Rating: 3.5 out of 5.

At best, I’d call myself a casual fan of Billie Eilish’s music, so I didn’t have the biggest level of anticipation towards the new film Billie Eilish: The World’s A Little Blurry. My earliest exposure to the multiple-Grammy-winning artist was via the soundtrack of 2017’s explosive first season of Netflix’s 13 Reasons Why. I took note as her tracks began popping up throughout pop culture in both television and film, like Everything, Everything and Locke & Key. I’ve listened to her album When We All Fall Asleep Where Do We Go? once through and haven’t revisited it since. To say that I’m not the intended audience for this music documentary would be a massive understatement. Despite all of that, I found plenty to unpack from Apple TV’s newest outing. This is an impressive, complicated, fascinating biography that charts the popular singer through some of her biggest milestones, both in career and personally, from If I Stay director R.J. Cutler. It paints Eilish with vibrant colors and delivers a fully-fleshed examination even at her most peculiar.

A mixture of live performances and home footage, The World’s A Little Blurry documents 17-year-old musician Billie Eilish’s rise to fame as she juggles life on tour, young love, her family life, and the conception of her Grammy-winning debut album. Starting with talent shows where her entire family was musically involved, the teenager explodes overnight after her first song “Ocean Eyes” goes viral. From there, the pressure is on to deliver a product worthy of a hungry fanbase anxious for content.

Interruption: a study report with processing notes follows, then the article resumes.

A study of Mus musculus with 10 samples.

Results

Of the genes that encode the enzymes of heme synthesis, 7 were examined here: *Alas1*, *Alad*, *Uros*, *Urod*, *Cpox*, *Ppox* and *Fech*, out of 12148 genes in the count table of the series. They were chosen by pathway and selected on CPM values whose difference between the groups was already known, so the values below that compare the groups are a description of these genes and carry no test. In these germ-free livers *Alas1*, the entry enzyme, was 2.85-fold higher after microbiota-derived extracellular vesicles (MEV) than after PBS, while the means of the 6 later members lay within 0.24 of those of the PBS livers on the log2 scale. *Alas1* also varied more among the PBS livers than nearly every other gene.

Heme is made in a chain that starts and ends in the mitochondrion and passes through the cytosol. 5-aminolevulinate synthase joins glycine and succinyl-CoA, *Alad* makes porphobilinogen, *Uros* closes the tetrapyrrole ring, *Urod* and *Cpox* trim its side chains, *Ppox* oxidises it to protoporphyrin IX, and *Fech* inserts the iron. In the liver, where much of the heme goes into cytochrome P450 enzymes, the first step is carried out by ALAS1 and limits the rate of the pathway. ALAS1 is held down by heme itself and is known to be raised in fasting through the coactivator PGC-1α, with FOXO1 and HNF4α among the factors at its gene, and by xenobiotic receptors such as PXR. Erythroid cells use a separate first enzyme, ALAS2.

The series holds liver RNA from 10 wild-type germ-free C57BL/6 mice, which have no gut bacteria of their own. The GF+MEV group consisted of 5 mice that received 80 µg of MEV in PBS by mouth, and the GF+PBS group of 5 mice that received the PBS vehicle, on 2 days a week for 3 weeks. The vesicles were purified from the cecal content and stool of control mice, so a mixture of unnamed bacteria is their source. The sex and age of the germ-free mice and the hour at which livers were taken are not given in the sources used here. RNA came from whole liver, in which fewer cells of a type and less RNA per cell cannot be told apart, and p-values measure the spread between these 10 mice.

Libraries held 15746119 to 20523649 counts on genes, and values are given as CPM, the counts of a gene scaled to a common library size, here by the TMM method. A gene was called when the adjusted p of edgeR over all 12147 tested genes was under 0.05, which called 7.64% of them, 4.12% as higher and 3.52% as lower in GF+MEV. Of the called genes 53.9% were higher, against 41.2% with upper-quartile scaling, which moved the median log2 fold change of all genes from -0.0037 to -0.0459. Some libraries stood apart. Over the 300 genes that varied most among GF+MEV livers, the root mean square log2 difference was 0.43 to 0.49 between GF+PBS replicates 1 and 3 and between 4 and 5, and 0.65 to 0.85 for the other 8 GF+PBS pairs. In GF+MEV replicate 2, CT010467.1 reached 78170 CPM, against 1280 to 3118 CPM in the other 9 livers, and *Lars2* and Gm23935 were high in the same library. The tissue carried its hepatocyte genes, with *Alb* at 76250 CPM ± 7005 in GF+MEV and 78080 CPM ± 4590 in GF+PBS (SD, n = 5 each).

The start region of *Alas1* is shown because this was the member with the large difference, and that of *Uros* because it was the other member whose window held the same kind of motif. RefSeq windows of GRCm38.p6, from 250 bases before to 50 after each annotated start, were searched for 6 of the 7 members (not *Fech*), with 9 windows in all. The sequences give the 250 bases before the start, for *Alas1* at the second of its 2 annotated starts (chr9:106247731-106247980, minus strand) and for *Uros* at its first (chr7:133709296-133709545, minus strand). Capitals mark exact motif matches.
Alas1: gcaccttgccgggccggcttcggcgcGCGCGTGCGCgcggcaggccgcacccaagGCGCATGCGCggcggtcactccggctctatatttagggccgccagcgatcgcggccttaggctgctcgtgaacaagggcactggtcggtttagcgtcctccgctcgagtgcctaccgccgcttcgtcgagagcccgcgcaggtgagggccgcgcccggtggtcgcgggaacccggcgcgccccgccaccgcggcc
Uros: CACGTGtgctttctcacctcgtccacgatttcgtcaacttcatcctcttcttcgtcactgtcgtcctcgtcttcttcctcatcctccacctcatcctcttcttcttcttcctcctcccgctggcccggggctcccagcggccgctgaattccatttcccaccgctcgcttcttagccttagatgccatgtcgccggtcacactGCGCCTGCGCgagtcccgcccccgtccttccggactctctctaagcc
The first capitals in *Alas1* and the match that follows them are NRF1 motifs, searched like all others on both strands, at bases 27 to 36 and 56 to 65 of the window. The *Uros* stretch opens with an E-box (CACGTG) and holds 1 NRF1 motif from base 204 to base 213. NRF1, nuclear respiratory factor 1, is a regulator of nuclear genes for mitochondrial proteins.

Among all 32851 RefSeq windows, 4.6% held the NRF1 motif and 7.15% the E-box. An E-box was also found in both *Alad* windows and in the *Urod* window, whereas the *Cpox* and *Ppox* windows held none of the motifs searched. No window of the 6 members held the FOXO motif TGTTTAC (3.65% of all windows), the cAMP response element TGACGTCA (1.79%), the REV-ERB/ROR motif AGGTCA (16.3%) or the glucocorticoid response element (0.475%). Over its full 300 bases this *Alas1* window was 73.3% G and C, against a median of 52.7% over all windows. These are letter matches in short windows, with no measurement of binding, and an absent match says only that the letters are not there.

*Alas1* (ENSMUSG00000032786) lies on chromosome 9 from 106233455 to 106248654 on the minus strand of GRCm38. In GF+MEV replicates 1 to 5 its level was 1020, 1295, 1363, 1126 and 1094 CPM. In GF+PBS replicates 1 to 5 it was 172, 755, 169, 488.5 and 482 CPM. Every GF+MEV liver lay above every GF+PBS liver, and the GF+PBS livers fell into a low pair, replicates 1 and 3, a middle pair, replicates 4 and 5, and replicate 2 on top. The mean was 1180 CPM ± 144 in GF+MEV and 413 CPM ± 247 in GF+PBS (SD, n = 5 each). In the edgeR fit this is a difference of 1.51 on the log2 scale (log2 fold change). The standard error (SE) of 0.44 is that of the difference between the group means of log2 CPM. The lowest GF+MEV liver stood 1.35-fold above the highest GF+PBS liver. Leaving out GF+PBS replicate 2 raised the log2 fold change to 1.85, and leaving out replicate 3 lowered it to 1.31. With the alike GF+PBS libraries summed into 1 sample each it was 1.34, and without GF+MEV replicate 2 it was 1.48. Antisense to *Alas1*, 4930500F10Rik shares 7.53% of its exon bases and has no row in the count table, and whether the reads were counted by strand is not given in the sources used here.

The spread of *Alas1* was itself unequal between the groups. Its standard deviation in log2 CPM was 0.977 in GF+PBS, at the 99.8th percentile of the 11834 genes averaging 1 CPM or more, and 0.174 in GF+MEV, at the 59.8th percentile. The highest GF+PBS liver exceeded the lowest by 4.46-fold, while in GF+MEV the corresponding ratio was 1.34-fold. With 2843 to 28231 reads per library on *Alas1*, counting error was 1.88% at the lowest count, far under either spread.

My favorite thing about this documentary is the concert experience of it all which makes you feel like you’re right in the thick of her performances and provides an unparalleled level of connection. Billie has an energy and vibrance when she’s on stage as she embodies her songs. That she handles this level of fame at such a young age is frequently shocking that she manages to stay quite so level-headed. Sometimes she’s messy as she forgets lyrics or starts crying mid-song, but it’s all part of the appeal. She feels so vulnerable and so human during these scenes that it warmed me to her significantly. That vulnerability extends toward her early opinions on the fandom, a meet and greet fiasco that paints her in a relatable light, her fangirl adoration towards Justin Bieber, and a meeting with Katy Perry where Eilish thinks Orlando Bloom is “just some dude Katy Perry met.” Billie stays humble even as her star rises to greater heights than she could’ve imagined even in her wildest dreams.

Billie Eilish is a visionary artist with a very particular aesthetic and a hatred for songwriting, and this biographical documentary takes you deep into her life like never before. There are times when you really feel the bloated length towards the middle – this movie is so long it has a semi-ridiculous intermission – but a deep dive into Eilish’s private life keeps it all fresh and captivating. I walked away with a much clearer understanding of her layered persona and a grasp on the types of people she’s able to touch with her music. For fans of Eilish, they will be in heaven as this documentary explores so many defining moments of her career and rise to fame. If there’s one big takeaway, I’ll definitely be giving When We All Fall Asleep Where Do We Go? a long overdue second listen. Billie Eilish: The World’s A Little Blurry comes to Apple TV+ on Friday, February 26th.